Dubois High School’s Radkey Receives Arch Coal Teacher Achievement Award

Cheyenne (April 25, 2003) — Janet Radkey views each and every day as a new and exciting adventure. “That is why I teach,” she says. “A light comes on for a student who has been struggling; a student compliments me on the tamales we prepared in world geography; or a voice in the hall says, ‘Hey, Mrs. Radkey! I saw something on CNN last night that may interest you!’

“Every exchange, even the simplest of words, makes me a part of these young people’s lives,” she adds. “I recently received a letter from a student currently at Boise State, who told me I had made a difference in her life. I was thrilled!”

Radkey just received yet another thrill. She is one of only 10 Wyoming teachers to receive a 2003 Arch Coal Teacher Achievement Award. Steven F. Leer, Arch Coal president and chief executive officer, made the announcement, accompanied by Governor Dave Freudenthal, Deputy Superintendent of Education Mary Kay Hill, and Kathryn Valido, a member of the executive committee of the Wyoming Education Association, during a ceremony at Cheyenne East High School.

“In this third year of our teacher recognition program in Wyoming, we continue to see teacher excellence across the state,” says Leer. “We believe outstanding teachers are the cornerstone of a good education. These recipients bring the magic of learning into their classrooms every day, and they have experience, expertise and a passion for learning themselves.”

Radkey teaches U.S. history, world geography, U.S. government and current events at Dubois High School, Dubois, Wyo. “My philosophy of teaching is simple: be excited about what you teach and always remember you are teaching someone’s child, not just a subject!” she says. “My purpose is to teach kids to think independently and creatively and to foster intellectual curiosity.

“I expect all my students to become productive, caring members of society,” Radkey adds. “My students will not remember everything I teach, but they will remember how I treat them. Respect and dignity must be granted to each and every student.”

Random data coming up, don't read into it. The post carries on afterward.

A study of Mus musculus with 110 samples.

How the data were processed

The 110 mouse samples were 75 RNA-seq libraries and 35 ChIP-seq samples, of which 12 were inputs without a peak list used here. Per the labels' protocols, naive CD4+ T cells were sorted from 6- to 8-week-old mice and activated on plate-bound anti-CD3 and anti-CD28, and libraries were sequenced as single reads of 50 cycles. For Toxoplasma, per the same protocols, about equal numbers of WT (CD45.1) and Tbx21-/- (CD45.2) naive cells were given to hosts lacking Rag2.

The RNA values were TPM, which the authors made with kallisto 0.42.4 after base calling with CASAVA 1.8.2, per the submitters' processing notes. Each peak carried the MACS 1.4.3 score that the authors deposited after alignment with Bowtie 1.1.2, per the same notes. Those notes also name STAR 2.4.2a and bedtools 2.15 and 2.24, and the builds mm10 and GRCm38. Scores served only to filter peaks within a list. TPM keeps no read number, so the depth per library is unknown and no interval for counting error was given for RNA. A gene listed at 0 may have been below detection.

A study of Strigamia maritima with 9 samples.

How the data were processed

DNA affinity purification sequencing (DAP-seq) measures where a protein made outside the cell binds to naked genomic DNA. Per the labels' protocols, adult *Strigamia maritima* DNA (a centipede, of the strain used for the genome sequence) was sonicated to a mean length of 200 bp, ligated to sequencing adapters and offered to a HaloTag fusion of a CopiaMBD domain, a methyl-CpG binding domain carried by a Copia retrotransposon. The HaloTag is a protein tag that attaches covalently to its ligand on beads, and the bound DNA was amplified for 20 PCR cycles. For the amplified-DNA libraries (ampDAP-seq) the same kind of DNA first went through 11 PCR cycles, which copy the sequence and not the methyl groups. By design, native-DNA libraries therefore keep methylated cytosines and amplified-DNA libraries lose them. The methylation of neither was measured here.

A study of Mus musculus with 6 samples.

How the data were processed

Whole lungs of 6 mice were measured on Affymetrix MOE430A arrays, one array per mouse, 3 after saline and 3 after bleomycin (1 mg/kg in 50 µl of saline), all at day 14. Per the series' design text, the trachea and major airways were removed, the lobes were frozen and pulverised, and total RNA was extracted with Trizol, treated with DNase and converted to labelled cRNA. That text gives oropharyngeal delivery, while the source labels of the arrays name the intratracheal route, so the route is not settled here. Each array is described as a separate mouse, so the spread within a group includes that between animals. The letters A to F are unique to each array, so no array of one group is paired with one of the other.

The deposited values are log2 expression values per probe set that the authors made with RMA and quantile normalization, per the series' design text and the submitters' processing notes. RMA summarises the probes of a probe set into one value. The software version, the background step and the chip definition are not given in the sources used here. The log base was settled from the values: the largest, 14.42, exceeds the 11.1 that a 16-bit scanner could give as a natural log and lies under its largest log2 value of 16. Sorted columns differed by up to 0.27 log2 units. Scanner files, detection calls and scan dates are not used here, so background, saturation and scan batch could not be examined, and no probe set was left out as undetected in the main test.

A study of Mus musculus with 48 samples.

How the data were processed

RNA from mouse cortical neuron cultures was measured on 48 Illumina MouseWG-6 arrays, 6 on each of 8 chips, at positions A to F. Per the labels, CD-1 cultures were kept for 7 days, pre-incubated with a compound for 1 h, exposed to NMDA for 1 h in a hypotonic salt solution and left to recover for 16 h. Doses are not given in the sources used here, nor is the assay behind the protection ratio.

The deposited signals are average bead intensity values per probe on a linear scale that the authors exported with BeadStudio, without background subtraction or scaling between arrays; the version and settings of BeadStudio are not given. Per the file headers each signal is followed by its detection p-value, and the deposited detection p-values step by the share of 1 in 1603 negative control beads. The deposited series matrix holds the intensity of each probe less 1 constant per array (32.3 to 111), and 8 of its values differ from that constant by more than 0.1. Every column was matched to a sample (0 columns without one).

Radkey earned her bachelor’s degree at the University of Arizona and 40+ hours of graduate credit from various institutions. She continues her education through international travel, and she received a Fulbright-Hays fellowship to Hungary and Poland and a Fulbright Memorial scholarship to Japan. Radkey serves as a group leader for Educational Foundations student tours, and she takes a group of students overseas each summer. She has been a district representative at the Wyoming Consortium and continues to attend professional conferences to ensure continuing classroom effectiveness. Radkey supports her community through involvement in fund-raising, church and additional education-related initiatives.

In addition to recognition, award recipients receive a $2,500 unrestricted cash prize, a distinctive glass trophy and a framed certificate. The Arch Coal teacher recognition program features public nomination and peer selection. Arch Coal is supported by the Wyoming Department of Education, the Wyoming Education Association, Taco John’s and MiniMart in program promotion.

Arch Coal is the nation’s second largest coal producer and employs 600 people in Wyoming. Arch produces more than 65 million tons of clean-burning, low-sulfur coal annually at its Wyoming operations. The company’s Black Thunder operation in Campbell County is one of the nation’s largest and most efficient coal mines. Arch Coal is traded on the New York Stock Exchange (NYSE: ACI) and maintains its corporate headquarters in St. Louis, Mo.